My wife and I recently visited a developing country. I’d never been to such a country before, and prior to our trip I thought I might come back to the States with a commonly-expressed attitude of feeling badly or guilty about all the stuff we have here. I’d heard this view expressed by my youth pastor in high school after he returned home from a developing country. At the time, I took him for what he said. I didn’t know anything about those trips or returning from one. Since that time, I’ve heard various friends and people on the internet mention feeling guilty to some extent after returning from a church trip. Naturally, I thought I’d feel the same way once we got home.
The trip was very eye-opening for me. I certainly interacted with numerous people who live with very little compared to me. Additionally, the infrastructure in that country…well, let’s say most Americans would be horrified if they saw it. It made me very thankful for what we have in America.
But I didn’t come home with a sense of guilt for all the things I have. Nor did I come home with a sense that I should feel guilty for the things I have. I came home extremely thankful for the things I have and have access to in America.
Now, before you think I’m a terrible person, I should also make clear that the lack of infrastructure and lack of quality public services (especially healthcare) in the country I visited bothers me. I wish they had access to certain opportunities and services because it would improve their quality of life, their education, and their health, among other things. I’m not saying I wish they were as materialistic as Americans; I’m just saying I wish they could improve services for basic human necessities. That, I think, is a perfectly Christian thing to say.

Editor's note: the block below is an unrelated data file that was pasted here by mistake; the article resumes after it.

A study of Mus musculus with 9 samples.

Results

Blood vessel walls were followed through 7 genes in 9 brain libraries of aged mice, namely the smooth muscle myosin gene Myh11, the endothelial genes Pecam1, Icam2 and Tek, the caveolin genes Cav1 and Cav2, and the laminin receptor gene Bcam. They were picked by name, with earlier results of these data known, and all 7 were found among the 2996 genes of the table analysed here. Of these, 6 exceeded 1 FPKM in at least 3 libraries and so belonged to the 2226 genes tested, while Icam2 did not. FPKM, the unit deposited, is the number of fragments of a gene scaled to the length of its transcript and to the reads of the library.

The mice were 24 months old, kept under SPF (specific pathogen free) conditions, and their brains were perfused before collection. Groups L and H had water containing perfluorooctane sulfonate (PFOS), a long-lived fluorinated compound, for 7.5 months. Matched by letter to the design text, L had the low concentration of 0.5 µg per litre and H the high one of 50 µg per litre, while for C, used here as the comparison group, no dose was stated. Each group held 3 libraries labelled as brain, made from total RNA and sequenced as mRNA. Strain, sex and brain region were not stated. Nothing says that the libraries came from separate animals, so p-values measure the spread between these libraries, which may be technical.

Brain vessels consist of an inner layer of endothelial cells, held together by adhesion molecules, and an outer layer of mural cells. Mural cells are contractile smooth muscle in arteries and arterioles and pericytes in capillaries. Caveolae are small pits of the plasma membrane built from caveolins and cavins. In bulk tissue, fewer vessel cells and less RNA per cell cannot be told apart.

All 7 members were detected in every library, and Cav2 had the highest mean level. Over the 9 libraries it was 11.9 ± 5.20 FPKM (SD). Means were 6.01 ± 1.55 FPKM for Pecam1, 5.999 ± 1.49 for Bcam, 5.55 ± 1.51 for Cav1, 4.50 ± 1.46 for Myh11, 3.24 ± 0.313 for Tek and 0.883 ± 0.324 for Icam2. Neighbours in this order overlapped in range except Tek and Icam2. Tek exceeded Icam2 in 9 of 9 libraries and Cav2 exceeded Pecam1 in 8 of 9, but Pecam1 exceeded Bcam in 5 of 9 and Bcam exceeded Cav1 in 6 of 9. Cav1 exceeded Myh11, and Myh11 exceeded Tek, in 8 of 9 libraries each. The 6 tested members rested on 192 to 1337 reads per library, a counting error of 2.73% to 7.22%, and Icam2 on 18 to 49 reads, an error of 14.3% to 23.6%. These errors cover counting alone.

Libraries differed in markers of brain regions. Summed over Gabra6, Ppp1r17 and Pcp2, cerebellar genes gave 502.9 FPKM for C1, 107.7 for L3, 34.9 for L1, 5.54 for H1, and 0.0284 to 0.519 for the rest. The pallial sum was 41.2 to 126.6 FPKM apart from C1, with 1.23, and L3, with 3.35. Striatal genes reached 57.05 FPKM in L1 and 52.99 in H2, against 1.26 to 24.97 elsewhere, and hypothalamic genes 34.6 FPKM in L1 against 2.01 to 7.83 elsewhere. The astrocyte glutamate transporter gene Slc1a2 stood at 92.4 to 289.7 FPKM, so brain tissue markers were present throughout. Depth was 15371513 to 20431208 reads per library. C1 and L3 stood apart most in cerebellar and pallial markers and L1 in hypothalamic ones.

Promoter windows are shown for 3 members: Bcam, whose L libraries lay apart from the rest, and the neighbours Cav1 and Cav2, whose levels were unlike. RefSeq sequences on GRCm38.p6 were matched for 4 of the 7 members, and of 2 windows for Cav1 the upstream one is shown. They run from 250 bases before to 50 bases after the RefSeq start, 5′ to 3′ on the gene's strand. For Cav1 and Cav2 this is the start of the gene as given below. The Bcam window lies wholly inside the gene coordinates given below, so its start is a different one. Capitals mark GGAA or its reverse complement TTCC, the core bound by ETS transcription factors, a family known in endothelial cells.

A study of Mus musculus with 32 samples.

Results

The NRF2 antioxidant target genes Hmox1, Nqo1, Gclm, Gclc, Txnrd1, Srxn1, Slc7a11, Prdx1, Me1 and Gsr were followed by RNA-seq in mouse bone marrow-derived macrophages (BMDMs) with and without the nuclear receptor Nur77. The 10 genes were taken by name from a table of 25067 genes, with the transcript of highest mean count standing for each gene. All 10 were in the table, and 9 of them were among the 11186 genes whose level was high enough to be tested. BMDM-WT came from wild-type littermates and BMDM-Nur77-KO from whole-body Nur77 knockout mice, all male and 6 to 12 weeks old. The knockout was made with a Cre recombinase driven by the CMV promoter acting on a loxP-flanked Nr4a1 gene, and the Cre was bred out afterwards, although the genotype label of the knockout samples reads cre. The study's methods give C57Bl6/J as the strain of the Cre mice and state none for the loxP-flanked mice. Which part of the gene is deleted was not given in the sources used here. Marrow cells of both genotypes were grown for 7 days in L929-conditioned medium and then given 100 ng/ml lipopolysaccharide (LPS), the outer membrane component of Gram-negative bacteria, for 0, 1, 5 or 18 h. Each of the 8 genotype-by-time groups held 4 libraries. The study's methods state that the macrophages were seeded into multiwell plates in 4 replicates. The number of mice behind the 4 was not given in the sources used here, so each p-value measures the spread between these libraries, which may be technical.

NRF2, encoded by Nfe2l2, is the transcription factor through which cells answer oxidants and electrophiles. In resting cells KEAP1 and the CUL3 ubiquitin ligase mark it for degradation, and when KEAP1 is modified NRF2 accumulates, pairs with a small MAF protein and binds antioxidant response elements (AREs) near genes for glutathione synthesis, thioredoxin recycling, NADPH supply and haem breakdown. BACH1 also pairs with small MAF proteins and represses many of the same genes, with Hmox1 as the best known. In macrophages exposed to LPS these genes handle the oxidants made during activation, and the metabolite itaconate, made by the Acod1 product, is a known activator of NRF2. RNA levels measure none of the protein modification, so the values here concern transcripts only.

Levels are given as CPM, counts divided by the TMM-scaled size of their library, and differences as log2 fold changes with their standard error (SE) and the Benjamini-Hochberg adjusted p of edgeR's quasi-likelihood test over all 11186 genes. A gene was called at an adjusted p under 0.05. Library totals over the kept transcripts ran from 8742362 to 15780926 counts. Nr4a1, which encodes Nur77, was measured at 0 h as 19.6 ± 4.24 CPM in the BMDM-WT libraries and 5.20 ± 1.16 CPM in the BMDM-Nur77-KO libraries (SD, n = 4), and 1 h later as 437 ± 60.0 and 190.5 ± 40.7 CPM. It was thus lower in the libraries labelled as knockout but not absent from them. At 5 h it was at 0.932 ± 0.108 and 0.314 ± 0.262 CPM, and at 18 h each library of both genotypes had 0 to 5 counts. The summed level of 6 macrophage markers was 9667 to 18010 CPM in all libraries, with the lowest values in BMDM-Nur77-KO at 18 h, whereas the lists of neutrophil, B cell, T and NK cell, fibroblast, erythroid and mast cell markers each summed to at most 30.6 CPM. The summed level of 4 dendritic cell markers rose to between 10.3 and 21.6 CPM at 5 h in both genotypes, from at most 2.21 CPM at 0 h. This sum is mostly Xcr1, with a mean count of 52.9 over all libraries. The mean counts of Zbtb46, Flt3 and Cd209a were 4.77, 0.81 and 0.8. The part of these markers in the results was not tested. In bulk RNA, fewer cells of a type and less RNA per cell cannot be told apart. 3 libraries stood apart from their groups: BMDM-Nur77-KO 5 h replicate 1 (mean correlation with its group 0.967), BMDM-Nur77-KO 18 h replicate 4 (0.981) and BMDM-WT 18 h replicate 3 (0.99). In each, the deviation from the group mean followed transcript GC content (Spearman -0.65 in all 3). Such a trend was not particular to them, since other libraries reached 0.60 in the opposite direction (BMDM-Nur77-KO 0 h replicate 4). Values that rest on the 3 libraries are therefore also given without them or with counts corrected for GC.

My point is this. I don’t think we should feel guilty about the things we have per se. One response I think is legitimate for people returning from developing countries is to feel convicted because they’ve seen people living on less and they know they have way more than they need. That conviction would, if acted upon, compel people to give away things they don’t use or need, be more generous with their money, and focus on God instead of pursuing stuff. That’s a good thing.
But feeling guilty just because we have more or better stuff than other countries? We shouldn’t feel guilty about that. Instead, that should motivate us to pray for and serve underdeveloped countries so they can have access to some of the quality services and necessities we often take for granted.